On Saturday, November 9, Braxton Davis and I presented a lecture entitled “Careers in Intellectual Property” to engineering students and other interested parties at the National Society of Black Engineers (NSBE) Region II Fall Regional Conference (FRC) in Pittsburgh, PA. Mr. Davis is Director of the NSBE Intellectual Property Special Interest Group (IP SIG) and I am the Programs Chair, as well as being the founder of Endless IP, a non-profit education company.
The mission of Endless IP is to instruct aspiring Entrepreneurs how to use Intellectual Property to protect ideas. There are many IP careers open to engineering and science students such as Inventor, Fabricator/Manufacturer, Patent Examiner, Patent Searcher, Technical Specialist, Draftsman/Illustrator, Patent Agent, and Patent Attorney.
In college, engineering and science students are taught the building blocks of science and innovation. They are taught how physical materials are constructed and combined to form useful products and processes. They are encouraged to create innovations to improve existing systems. Without being taught how to protect those innovations and different roles they can fill within the IP space, their education is incomplete. With this incomplete education scientists and engineers are relegated to work for others to further the interests of companies that hire them and are not able to pursue their own visions in this changing world.
This circumstance is a major drawback to the engineering curricula in the United States, and one reason why U.S. companies are falling behind the rest of the world in technologies such as 5G, autonomous vehicles, artificial intelligence, and other realms. Patent and Intellectual Property Law are usually taught in law school, but that is not the domain of most engineers.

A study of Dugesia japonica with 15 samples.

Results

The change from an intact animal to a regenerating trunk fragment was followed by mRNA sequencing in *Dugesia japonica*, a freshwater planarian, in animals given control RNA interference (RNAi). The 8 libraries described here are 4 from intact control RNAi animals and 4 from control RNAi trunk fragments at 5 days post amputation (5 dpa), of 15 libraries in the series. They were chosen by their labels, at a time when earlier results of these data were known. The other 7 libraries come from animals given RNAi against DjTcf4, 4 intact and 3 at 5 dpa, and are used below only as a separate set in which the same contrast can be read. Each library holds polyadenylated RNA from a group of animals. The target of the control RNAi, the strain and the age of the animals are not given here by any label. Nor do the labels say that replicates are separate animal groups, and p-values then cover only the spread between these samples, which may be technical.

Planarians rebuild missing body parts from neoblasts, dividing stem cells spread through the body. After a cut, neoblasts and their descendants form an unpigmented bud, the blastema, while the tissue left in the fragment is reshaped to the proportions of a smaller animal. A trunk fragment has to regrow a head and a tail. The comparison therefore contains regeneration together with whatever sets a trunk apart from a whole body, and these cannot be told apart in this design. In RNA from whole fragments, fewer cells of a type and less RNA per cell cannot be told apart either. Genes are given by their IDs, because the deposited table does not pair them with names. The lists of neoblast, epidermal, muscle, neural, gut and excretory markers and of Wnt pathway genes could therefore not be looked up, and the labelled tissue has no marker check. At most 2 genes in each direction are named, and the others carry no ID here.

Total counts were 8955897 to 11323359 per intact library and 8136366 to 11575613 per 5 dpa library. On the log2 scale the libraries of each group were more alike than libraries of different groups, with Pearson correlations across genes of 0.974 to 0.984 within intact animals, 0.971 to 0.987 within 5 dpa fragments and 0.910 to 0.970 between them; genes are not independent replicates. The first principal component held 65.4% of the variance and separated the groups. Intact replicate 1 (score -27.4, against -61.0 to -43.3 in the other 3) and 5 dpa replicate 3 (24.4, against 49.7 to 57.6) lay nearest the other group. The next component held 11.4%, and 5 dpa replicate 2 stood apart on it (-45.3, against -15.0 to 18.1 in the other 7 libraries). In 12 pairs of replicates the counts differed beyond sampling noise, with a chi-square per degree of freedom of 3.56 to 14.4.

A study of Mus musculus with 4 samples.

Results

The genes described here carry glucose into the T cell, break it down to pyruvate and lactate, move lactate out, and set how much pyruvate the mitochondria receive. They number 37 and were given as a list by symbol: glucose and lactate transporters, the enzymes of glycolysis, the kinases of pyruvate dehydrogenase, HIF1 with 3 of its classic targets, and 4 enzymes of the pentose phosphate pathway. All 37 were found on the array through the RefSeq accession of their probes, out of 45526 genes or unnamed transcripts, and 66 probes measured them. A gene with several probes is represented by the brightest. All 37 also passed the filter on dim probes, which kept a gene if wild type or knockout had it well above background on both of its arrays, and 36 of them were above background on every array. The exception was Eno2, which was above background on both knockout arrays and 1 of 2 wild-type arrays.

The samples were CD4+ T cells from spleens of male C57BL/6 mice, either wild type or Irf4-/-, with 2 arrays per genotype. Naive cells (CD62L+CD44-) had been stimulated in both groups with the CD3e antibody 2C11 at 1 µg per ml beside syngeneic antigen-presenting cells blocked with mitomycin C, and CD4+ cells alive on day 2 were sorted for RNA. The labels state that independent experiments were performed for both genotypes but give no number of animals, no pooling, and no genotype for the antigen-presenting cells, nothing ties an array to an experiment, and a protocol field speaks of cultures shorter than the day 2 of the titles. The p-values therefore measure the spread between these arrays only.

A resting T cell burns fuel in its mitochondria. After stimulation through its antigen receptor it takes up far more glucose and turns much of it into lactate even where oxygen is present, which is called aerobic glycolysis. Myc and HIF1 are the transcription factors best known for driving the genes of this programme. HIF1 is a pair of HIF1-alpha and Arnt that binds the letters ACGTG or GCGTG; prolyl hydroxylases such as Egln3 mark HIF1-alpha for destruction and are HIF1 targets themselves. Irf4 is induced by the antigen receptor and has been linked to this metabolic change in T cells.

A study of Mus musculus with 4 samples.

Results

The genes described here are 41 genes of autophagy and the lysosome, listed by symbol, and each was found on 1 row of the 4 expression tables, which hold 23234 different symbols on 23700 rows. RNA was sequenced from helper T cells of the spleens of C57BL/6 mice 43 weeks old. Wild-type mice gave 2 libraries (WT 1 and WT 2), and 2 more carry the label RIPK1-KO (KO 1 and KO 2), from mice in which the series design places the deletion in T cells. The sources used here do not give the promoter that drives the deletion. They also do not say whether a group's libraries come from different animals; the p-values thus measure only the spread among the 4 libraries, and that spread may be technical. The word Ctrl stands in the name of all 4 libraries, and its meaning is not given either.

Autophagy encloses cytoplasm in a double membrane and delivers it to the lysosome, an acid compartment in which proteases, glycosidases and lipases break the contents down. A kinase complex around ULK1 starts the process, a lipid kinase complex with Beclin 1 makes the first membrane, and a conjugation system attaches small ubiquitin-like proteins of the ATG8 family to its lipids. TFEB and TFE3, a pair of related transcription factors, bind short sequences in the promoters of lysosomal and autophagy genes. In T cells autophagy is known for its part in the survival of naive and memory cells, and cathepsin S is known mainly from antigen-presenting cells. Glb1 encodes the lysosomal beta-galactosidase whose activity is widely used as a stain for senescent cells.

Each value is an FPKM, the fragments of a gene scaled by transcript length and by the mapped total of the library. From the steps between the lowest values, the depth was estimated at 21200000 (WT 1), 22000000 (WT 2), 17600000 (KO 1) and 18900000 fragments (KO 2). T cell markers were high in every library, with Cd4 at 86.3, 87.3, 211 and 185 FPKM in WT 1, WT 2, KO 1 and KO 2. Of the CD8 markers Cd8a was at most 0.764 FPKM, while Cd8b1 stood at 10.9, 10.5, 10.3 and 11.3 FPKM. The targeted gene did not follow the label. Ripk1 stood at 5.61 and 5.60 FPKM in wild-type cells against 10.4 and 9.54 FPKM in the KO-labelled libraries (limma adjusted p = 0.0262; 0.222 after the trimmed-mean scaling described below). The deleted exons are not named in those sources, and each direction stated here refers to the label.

There is no one to blame for this circumstance. The engineering and science fields have evolved in this way. Professors at science and engineering schools are necessarily Ph.Ds. They have achieved their academic credentials through the process of understanding scientific and engineering concepts at the most fundamental level so that they can properly teach their students. Professors in these fields are taught to pursue research grants and academic papers in order to push the boundaries of scientific thought and development. They are rewarded with tenure, recognition, and more grants. Engineering school has become an academic enterprise, missing the business outlook.
After students are taught engineering and scientific principles, applications, and the art of design, technology companies swoop in to hire these students and teach them to apply their knowledge to further the aims of those companies.
That is where we come in. Endless IP is in partnership with organizations such as NSBE and area colleges to fill that gap, to provide the missing curriculum that will enable engineers and scientists to profit from their IP and pursue careers in the field. By doing so, a more diverse and robust workforce and technology companies will be formed in the United States and beyond.